In the recent years, collaborative partnerships between research centres in the Global North and the Global South became one of the central spaces for producing knowledge on refugee issues.
In this literature review, Salma Essam El Refaei, a PhD student at Carleton University, analyzed the Forced Migration field to study how these partnerships evolve, as well as their findings and impact to locate possible solutions to the challenges that research partnerships and networks face.
Research shows that partnerships can be effectively transformative, if research partners approach the collaboration as a means towards producing knowledge. It is also important for research partners to engage self-critically in an evaluation of what they are contributing to the partnership and simultaneously assess how they might be compromising the equality of the research collaboration, given the power asymmetries between the Global North and the Global South.
This entails being transparent, inclusive and reflective. It means that both partners need to be aware of the dangers of ‘empowerment’ and how power inequalities are subliminally reproduced through language, culture and logistics. It also is imperative to avoid framing and engaging with the southern partner as the gate keeper to subversive knowledge or the spokesperson to refugees in the Global South.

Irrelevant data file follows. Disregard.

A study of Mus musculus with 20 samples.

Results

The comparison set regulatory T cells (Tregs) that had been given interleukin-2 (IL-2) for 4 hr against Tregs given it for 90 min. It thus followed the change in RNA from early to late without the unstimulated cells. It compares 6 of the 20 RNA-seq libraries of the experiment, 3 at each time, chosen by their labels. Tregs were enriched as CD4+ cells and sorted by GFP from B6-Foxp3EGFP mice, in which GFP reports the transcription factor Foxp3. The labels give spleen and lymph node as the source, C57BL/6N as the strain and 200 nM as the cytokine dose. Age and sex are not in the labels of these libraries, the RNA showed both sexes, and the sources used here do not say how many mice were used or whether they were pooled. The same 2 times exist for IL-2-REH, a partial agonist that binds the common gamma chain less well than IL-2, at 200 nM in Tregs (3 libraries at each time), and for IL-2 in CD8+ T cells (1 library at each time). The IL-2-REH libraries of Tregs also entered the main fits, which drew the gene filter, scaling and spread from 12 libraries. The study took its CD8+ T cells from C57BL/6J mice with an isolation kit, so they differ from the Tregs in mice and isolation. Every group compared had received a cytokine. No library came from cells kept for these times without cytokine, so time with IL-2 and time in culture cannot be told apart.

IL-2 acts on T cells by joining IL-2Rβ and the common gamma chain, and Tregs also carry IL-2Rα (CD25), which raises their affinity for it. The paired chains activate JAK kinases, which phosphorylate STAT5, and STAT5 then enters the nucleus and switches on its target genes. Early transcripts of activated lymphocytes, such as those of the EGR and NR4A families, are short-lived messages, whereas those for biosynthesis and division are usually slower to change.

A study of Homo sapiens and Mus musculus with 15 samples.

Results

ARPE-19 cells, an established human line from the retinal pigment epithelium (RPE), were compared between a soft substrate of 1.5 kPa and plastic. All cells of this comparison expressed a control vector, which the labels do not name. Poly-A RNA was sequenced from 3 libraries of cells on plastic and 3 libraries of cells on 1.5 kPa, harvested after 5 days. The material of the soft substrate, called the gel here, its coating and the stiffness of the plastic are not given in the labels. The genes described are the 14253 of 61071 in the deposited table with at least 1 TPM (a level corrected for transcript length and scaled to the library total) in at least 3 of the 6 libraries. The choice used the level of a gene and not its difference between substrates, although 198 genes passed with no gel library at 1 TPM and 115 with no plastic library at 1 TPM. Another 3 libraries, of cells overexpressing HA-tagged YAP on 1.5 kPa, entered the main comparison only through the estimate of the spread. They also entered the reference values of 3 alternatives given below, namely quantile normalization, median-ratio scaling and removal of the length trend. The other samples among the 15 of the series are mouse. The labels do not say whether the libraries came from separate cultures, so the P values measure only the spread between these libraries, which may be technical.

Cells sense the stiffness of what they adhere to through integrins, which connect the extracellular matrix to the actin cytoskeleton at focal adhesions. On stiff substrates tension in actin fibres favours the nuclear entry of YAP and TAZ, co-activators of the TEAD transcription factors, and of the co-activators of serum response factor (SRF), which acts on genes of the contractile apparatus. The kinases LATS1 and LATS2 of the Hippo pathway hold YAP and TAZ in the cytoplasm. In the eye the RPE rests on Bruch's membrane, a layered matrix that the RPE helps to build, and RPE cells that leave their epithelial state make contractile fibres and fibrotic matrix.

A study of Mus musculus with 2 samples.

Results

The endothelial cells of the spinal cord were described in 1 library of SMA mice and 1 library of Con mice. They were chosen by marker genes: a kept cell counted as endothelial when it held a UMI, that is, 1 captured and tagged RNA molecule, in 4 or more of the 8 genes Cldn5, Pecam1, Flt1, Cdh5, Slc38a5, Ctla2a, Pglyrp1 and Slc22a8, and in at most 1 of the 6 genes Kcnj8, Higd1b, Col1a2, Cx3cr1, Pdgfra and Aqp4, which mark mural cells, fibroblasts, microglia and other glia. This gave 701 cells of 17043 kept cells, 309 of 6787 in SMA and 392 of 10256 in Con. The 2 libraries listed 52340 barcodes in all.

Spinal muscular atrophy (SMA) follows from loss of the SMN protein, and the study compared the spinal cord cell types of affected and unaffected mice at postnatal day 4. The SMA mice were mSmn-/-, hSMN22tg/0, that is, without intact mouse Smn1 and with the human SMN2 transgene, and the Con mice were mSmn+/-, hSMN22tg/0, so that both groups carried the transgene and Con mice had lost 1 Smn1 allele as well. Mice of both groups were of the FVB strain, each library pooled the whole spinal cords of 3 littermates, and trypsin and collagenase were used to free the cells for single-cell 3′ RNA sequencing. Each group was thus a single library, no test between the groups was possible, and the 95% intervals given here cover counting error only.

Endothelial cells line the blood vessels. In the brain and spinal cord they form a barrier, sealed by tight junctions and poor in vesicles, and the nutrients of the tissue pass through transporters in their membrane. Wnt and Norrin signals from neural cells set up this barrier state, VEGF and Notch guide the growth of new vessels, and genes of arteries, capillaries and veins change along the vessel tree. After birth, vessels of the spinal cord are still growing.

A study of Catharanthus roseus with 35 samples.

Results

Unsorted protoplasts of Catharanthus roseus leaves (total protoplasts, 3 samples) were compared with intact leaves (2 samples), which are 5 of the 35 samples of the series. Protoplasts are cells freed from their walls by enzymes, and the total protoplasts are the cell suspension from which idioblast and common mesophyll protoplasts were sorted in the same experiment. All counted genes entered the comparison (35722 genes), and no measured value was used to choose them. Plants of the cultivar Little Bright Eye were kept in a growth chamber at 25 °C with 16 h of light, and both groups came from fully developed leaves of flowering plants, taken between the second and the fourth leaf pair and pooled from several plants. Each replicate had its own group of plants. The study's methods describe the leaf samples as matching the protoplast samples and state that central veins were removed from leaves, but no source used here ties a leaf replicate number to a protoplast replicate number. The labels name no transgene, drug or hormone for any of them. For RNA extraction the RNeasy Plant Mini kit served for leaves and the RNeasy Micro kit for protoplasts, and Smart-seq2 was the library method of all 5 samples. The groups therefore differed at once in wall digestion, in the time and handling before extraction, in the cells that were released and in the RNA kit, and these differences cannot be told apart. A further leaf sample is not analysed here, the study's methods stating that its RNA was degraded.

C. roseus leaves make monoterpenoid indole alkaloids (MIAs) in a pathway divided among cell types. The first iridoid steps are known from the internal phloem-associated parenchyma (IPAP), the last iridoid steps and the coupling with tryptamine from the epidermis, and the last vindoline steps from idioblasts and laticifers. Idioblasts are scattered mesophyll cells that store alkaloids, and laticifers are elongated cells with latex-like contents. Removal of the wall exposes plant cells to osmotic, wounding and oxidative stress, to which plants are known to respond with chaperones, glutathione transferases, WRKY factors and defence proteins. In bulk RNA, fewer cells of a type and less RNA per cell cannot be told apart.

Transformative research partnerships need to constantly assess the extent to which they are ethical, mindful, and aware of the power inequalities they are reproducing. They need to reflect on the extent to which they are contributing to the betterment of living conditions for the refugee populations they are studying or working with. Finally, it is important that research partnerships remain flexible, creative and refugee oriented.
You can read the full literature review here.
More about Salma
Salma Essam El Refaei is a second year PhD student at the Political Science department at Carleton University. She has a BA in Political Science and History from the American University in Cairo and an MA in Political Science from the University of British Columbia. She works on care ethics, critical feminist research methods, and research ethics for refugee research in International Relations.